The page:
Is there a need for MMA managers?
February 13, 2012
MMA Junkie had a recent article on the managers’ role in representing fighters. With the recent departures of Jose Aldo and Mauricio Rua from their representation, the need for managers has come into question.
The Junkie article looks at long time manager Alex Davis as he discusses the need for a fighter to have good management. He also addresses the question of whether top notch fighters need representation anymore. This comes on the heels of Rua’s statement (which could have been taken out of context) that the UFC does not want its fighters to have managers.
Via MMA Junkie:
“Some people will say that once a fighter reaches a level where he enters the UFC, he doesn’t need management anymore, but usually a manager has worked very hard to get him to that point without ever getting properly rewarded for his efforts,” Davis said. “Only once a fighter is at the top can a manager have a chance at making something in the deal, which is only fair. Not only that, but its not like, ‘Hey, great, now I am in the UFC. My problems are over!’ Far from that. Things get way more complicated.
Davis identifies more responsibility outside of just fighting that the fighter must consider once he makes it in the UFC. There are many tasks that a manager should handle while the fighter concentrates on training.
In addition, the manager may have contacts with sponsors and promoters in helping the younger fighter achieve his goals.
Manager and agent may be two separate jobs or one in the same. Certainly fighters can have both or one individual to handle both duties.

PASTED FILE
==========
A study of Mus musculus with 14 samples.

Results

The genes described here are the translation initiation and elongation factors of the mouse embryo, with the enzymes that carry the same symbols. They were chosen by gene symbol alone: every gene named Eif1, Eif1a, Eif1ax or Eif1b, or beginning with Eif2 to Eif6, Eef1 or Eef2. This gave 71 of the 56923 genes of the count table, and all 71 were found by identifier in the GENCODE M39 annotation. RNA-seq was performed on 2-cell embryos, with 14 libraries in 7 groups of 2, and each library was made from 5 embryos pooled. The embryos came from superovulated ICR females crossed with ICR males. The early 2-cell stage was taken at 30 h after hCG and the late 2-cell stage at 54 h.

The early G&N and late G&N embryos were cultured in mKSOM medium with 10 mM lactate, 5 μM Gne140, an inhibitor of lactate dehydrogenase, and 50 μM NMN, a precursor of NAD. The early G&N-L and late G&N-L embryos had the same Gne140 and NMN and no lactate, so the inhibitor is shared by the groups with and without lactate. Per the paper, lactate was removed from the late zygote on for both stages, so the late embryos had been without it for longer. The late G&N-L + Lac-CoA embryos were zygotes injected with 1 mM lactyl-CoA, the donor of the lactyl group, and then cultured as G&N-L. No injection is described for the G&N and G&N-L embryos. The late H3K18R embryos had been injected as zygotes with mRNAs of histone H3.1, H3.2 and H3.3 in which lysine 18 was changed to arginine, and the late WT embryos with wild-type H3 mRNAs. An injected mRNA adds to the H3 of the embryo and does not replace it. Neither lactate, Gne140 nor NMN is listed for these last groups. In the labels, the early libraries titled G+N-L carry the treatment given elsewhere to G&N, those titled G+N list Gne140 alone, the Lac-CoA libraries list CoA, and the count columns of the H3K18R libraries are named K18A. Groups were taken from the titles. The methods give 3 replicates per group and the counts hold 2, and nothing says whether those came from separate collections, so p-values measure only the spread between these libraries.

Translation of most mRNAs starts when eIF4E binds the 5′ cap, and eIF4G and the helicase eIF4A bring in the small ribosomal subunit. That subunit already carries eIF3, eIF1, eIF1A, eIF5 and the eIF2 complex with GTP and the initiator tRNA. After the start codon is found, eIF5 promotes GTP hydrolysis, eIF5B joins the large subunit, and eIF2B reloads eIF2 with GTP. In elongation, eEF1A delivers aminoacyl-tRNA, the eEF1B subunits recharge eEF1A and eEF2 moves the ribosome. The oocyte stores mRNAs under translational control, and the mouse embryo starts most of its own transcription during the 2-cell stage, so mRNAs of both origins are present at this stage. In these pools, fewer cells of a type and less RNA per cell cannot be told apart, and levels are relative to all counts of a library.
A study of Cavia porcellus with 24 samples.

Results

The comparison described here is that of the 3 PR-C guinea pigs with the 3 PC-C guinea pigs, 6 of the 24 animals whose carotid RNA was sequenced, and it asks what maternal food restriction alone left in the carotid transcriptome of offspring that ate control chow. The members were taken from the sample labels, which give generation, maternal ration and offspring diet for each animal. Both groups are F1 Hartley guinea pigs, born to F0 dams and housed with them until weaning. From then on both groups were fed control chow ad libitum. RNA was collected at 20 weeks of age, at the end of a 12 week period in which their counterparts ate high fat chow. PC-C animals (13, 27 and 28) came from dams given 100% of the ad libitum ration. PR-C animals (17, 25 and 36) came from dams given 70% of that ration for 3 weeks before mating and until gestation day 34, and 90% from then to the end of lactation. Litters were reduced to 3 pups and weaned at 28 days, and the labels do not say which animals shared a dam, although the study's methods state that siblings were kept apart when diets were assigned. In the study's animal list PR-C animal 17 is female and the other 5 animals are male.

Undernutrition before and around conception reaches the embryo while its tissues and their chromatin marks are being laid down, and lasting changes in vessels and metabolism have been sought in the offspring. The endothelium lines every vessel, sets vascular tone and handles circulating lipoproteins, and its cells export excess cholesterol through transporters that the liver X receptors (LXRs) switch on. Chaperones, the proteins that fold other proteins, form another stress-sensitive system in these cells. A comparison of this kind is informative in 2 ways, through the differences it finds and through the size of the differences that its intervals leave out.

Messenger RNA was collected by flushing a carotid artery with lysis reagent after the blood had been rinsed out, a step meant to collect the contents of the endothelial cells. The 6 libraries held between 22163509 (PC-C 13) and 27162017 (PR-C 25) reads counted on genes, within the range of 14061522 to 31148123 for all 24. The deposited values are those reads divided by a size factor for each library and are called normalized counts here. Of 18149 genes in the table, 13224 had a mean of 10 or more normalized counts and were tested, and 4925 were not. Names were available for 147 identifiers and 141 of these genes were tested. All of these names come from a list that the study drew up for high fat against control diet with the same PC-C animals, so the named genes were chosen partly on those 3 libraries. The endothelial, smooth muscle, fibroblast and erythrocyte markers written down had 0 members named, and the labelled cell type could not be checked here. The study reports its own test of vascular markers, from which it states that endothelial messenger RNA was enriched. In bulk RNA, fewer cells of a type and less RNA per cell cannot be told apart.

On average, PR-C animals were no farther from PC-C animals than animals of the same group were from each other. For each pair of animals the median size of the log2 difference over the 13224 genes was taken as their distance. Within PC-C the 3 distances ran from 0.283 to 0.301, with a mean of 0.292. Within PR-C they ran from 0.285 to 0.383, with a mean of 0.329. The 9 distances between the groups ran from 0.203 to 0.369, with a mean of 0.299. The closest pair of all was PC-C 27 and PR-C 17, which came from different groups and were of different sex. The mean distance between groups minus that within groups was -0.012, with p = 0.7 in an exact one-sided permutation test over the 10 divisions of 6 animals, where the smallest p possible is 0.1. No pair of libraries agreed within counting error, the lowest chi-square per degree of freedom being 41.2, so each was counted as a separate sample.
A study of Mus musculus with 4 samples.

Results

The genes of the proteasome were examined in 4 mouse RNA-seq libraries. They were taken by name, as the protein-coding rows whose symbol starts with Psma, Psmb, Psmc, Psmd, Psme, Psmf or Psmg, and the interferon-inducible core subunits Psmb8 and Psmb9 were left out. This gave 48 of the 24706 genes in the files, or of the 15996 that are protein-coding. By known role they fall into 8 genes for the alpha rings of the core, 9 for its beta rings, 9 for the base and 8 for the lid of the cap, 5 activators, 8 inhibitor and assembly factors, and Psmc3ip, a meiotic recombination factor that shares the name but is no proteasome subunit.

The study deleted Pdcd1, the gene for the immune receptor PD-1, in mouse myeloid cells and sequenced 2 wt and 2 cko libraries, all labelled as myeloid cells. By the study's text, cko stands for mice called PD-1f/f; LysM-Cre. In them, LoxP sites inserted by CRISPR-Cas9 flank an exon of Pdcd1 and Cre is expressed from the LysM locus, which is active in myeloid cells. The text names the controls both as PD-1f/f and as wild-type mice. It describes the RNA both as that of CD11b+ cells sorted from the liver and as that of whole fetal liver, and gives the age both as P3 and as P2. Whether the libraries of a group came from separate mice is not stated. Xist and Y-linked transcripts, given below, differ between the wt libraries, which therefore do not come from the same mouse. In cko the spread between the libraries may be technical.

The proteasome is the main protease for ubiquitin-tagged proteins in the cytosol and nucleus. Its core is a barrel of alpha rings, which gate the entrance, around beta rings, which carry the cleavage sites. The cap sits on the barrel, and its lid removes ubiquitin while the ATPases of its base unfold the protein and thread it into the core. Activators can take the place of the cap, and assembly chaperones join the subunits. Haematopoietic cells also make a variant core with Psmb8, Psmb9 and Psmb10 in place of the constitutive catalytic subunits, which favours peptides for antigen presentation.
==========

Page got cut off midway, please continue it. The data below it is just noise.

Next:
One need only look to Matt Mitrione, Brandon Vera and Alistair Overeem more recently as examples of what happens when you have issues with management. Mitrione publicly fired his manager, Vera lost a year due to a contractual dispute and Overeem is currently in litigation with Golden Glory.
Still, there are many MMA management agencies that take care of their fighters in securing sponsorships and public appearances. This can go a long way in getting fighters the visibility, notoriety and opportunity to increase the value of their own personal brand.
The Junkie article points out the reasons that a good manager is necessary in a fighters’ career. Certainly, there are many responsibilities and tasks a manager needs to do in helping fighters prepare for their next fight while making sure they maximize their opportunities.
The question is how much is a manager worth to a fighter? For top tier fighters, do they need a manager? Can the fighter have someone do the same tasks for less, without having to give up a portion of their purse or sponsorship payout. We will see if consolidation of management duties becomes a trend in MMA. There is a definite need for good representation, but at what cost?